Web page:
Ringing in the New Year: Lucky '13!
I love new years. Sitting here at my desk this morning it feels like the whole world is fresh and new. For better or worse, 2012 is gone and it's taken with it all of it's problems, mistakes, and stresses. It's a beautiful day today. Since it's winter it's still chilly, but the sun is out and the world looks bright, clear, and new. The day, the world, even my life feels so full of hope and fresh promise. I feel this undeniable desire to latch on to this feeling and maintain it for as long as possible.
I usually begin each January by making a list of resolutions and goals for the upcoming year. Last year I went so far as to type up my scribbled handwritten notes and then tape the list on the wall of my attic office. Initially, I read over the list frequently and spent a lot of energy trying to follow through on the goals I'd set for myself. But, inevitably, stuff happened. Life has a way of meddling in our best laid plans, and along the way my well intentioned list was forgotten.
The list is now sitting on my desktop. I took it down this morning as I was gazing out my window with a hot cup of tea in my hand. I have mixed feelings. On the one hand, I did accomplish some of my goals. But, I have to admit that I'm also beating myself up a little. When I typed the list I made an effort to select achievable goals. I wanted to challenge myself but I didn't want the challenges to be pie-in-the-sky ones and completely out of reach. As such, I have no excuse. I had 12 full months to work on my list. Sitting here now, it seems crazy that I didn't accomplish more. I've got my nifty red pen in hand but I've only been able to check a few things off.
So, I'm trying to take a step back before I decide whether or not I should make a new list for 2013 or just tape the old 2012 list back on my wall like a piece of failed homework. Maybe I owe myself a "do over."
Last night around the world people did fun things to help celebrate and ring in the new year. Me, I'm a certifiable introvert and not much for crowds. I prefer smaller, quieter celebrations. I also like to stay off of the roads on New Year's Eve. I've heard too many horror stories about drunk drivers and shattered lives. So, yesterday morning I ran a few errands including visiting my local library to borrow a few movies and my grocery store to pick up some munchies. My best friend and I spent yesterday afternoon and evening relaxing in my living room. We watched movies, munched on potato chips, and enjoyed sipping rum and cokes. It was a quiet celebration, but it was also laid back.
One of the movies we watched was "Eat, Pray, Love" starring Julia Roberts. The movie was the perfect choice while we sat there reflecting on the previous year and preparing for the new one. In the movie, the main character is unhappy with her life and her marriage. So, she does something about it. She was fortunate enough to be in a financial situation where she could take a year off from her life. She put everything she owned in storage and then spent the next year visiting other countries, fighting her personal demons, and finding herself along the way.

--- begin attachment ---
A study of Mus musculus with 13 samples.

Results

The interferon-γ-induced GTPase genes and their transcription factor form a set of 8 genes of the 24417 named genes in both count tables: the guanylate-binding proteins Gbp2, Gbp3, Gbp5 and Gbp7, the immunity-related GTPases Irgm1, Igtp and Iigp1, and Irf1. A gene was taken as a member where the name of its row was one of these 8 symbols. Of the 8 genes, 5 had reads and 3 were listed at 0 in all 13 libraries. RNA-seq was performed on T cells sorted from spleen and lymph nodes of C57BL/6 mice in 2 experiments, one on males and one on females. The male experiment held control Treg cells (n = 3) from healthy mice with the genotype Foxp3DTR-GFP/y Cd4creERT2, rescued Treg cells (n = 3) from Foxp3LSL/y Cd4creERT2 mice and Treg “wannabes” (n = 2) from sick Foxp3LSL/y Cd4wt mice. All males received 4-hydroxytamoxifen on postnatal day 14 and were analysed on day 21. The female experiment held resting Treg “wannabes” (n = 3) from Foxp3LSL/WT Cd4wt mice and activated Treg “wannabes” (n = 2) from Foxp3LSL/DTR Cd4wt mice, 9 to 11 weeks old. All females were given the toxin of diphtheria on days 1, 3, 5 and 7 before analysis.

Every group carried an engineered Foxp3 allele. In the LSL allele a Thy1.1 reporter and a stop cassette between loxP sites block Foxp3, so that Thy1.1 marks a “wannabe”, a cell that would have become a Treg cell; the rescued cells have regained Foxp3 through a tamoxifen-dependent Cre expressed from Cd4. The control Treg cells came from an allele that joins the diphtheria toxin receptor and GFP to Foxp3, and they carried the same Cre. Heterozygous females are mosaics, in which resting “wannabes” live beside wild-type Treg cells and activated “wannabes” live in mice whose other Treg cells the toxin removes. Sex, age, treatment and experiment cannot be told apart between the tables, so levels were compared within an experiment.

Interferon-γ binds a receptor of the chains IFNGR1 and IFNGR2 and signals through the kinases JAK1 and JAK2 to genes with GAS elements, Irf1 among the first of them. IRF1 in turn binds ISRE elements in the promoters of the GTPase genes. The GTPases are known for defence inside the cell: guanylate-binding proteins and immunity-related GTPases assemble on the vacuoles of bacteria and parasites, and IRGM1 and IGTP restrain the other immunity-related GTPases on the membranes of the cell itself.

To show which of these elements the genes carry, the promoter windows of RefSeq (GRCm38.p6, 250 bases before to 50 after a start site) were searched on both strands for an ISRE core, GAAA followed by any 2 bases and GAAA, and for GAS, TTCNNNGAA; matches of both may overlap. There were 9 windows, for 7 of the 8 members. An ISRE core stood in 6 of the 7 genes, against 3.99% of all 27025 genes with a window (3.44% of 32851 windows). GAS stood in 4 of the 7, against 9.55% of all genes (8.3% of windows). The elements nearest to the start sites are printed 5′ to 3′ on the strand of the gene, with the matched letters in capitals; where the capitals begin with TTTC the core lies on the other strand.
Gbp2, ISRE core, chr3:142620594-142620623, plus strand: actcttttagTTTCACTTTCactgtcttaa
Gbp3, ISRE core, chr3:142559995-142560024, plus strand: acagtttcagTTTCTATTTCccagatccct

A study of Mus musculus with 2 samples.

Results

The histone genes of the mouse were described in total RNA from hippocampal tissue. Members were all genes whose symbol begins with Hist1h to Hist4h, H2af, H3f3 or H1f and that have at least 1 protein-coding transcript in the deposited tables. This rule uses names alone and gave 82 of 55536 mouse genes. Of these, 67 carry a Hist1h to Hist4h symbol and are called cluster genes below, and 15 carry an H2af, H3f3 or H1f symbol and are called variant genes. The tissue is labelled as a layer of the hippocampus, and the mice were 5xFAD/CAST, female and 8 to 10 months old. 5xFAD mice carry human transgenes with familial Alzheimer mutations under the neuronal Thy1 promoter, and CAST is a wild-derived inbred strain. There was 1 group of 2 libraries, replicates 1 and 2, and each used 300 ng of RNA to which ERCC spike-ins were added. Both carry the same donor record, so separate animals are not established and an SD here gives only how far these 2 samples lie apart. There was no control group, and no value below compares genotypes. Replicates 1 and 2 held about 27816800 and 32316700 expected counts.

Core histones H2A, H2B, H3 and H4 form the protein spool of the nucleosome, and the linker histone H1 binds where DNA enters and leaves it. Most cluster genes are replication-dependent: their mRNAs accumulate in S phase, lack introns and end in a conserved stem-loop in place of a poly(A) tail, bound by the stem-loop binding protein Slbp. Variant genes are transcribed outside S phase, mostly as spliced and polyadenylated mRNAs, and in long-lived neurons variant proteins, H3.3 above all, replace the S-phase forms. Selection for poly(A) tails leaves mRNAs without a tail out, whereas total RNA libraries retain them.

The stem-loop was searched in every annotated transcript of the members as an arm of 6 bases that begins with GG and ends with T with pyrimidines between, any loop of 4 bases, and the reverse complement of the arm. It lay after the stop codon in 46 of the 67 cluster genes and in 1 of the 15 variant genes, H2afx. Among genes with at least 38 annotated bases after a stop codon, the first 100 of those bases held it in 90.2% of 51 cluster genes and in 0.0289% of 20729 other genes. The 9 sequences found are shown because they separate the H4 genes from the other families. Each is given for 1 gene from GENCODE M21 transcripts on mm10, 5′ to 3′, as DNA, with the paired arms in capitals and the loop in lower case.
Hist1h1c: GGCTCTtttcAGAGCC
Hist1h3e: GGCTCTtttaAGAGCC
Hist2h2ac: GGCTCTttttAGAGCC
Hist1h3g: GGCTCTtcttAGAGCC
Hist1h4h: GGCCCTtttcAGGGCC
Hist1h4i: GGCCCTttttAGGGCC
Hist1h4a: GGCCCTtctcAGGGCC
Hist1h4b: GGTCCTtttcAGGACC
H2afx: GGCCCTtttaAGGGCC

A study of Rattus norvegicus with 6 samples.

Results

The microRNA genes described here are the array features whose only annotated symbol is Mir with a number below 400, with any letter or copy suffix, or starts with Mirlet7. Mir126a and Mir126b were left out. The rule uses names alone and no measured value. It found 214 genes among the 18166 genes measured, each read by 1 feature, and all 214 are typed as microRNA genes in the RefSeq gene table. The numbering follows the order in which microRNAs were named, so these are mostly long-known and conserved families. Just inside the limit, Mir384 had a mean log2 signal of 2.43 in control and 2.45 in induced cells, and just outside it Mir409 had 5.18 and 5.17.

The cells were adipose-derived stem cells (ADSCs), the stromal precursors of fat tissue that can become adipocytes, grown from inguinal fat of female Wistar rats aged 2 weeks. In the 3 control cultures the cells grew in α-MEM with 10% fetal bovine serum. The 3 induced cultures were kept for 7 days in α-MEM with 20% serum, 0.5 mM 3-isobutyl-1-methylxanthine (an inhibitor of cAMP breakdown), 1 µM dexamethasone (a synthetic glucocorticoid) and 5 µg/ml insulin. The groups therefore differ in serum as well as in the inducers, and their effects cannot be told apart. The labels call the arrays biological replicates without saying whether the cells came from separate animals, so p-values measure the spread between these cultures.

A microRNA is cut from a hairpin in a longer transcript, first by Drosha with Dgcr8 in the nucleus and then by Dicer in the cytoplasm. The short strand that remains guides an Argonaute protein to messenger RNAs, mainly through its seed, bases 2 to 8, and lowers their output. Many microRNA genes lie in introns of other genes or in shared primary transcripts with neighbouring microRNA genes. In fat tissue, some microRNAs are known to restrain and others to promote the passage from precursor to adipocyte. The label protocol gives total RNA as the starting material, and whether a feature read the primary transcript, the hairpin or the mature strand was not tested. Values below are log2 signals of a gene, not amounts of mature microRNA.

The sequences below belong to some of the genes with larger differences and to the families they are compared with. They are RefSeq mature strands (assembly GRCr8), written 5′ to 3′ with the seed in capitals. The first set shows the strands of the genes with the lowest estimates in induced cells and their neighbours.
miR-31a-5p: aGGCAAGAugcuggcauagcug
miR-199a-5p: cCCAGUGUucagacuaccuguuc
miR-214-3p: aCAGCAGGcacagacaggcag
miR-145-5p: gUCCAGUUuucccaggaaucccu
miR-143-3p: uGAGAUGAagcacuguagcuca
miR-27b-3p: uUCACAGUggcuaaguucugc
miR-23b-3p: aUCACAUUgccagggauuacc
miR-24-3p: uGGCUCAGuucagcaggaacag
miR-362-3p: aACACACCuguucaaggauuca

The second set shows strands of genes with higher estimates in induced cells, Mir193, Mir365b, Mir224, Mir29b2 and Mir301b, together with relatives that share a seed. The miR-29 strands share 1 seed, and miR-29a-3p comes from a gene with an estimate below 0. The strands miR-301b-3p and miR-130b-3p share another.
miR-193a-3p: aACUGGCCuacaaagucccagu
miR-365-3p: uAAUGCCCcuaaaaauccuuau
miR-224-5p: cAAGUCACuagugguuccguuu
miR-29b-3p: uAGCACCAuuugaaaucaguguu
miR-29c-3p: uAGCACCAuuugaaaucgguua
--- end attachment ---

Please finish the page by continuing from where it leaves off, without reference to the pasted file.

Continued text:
She divided her time up before she left. She planned to spend 4 months in Italy, 4 months in India, and then spend her last 4 months in Bali. Along each step of her journey, she learned life lessons and met some extraordinary people. The book is called "Eat, Pray, Love" because these three words sum up her experiences in each location. In Italy, she spent a lot of time eating. She learned to forget about the scale and social stigmas in order to enjoy her favorite foods. Through food, she learned to embrace life and live in the moment. In India, she stayed at a religious retreat where she spent much of her time praying, meditating, and trying to discover inner peace. She learned the importance of finding her life balance. Finally, in the last leg of her journey she traveled to Bali to study with a medicine man. While she was there she learned to let go of her old marriage and all of the associated pain and feelings of failure. She learned that it's okay to fall in love and how to continue to maintain her life balance.
Now, I'm not a religious person but, even with the word "pray" in the title, the movie wasn't overly religious. When her guru and other role models talked about praying and meditation it wasn't just about believing in a god or greater being. Instead, the focus was on the individual and their personal life journey. At one point when Julia Robert's character was having difficulty quieting her thoughts during meditation, her friend told her that it really didn't matter who she prayed to. That wasn't the point. The meditation was about quieting your thoughts, forgiving yourself, and moving on with your life. It didn't matter who her guru was or which deities she believed in or prayed to. The point was to find something greater than yourself and see the bigger picture about life.
If you haven't seen it, I'd highly recommend the movie. Personally, I could relate to Julia Robert's character. I know what it feels like to find yourself in a failed marriage or to vow to change your life, but then not know exactly how to go about it. I enjoyed watching her character grow and learn throughout the film.
As I look forward to 2013, which I've dubbed "lucky '13", my goals are simple. Basically, I'm just going to "keep on, keeping on." I'll hold onto last year's list of resolutions and even add a few more, but I'm going to try not to be so hard on myself. It's good to set goals and strive to be a better person, but I shouldn't beat myself up every time I don't live up to own expectations. Life is about the journey, not the destination. I'm going to try harder to live in the moment and appreciate the little things. I'm going to strive to be a better person, one day at a time.